Kimono: Fashioning Culture

Front Cover
Vintage, 2001 - Art - 395 pages
14 Reviews
In this beautifully written and lavishly illustrated book Liza Dalby traces the history of the kimono - its designs, uses, aesthetics and social significance and in doing so explores the world of the geisha, last wearers of the kimono. The colourful and stylised kimono, the national garment of Japan, expresses not only Japanese fashion and design taste but also reveals something of the soul of Japan. Amazingly beautiful, many today consider it impractical, too uncomfortable to wear in modem life - it was generally discarded by men for suits and ties a century ago, and now only worn occasionally by women. However, the kimono still retains a powerful hold on the Japanese heart and mind, and provides a link to Japan' s past.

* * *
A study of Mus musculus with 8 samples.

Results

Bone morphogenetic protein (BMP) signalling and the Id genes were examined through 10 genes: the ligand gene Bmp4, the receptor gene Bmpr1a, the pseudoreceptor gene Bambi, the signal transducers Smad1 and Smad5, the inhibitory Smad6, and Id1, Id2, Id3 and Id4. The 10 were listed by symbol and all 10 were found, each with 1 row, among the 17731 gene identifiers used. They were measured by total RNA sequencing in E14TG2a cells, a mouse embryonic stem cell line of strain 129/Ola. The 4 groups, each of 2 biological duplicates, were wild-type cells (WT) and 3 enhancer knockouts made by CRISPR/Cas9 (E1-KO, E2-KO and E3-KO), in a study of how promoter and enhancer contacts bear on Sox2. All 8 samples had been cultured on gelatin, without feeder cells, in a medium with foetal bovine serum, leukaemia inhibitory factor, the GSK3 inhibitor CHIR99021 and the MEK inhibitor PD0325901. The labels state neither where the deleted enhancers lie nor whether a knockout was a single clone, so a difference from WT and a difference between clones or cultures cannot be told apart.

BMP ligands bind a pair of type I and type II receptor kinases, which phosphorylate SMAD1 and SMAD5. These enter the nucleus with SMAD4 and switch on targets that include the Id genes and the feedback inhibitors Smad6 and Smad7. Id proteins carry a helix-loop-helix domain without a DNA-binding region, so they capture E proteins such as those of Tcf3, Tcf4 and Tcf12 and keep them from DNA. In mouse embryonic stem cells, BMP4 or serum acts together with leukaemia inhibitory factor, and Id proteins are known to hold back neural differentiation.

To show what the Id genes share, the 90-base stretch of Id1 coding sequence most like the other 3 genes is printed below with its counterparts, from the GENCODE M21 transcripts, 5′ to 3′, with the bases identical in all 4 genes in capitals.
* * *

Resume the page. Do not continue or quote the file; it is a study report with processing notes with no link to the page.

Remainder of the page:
User Review  - JenneB - LibraryThing

I was at a museum in Japan that had some antique kimono, and I thought, you know, I would really like to read a book about the history and cultural meaning of kimono. This book could not have been ... Read full review

Review: Kimono

User Review  - Emily - Goodreads

This is an absolutely wonderful book, but much more scholarly and detailed than I expected. If you are not a scholar, a skim-through might be enough. I wish it had photographs. Read full review


Liza Dalby is an anthropologist specialising in Japanese culture and the only Westerner to have become a geisha. She is the author of The Tale of Murasaki, Geisha and consulted on Steven Spielberg's film of Memoirs of a Geisha. She lives in California with her husband and three children.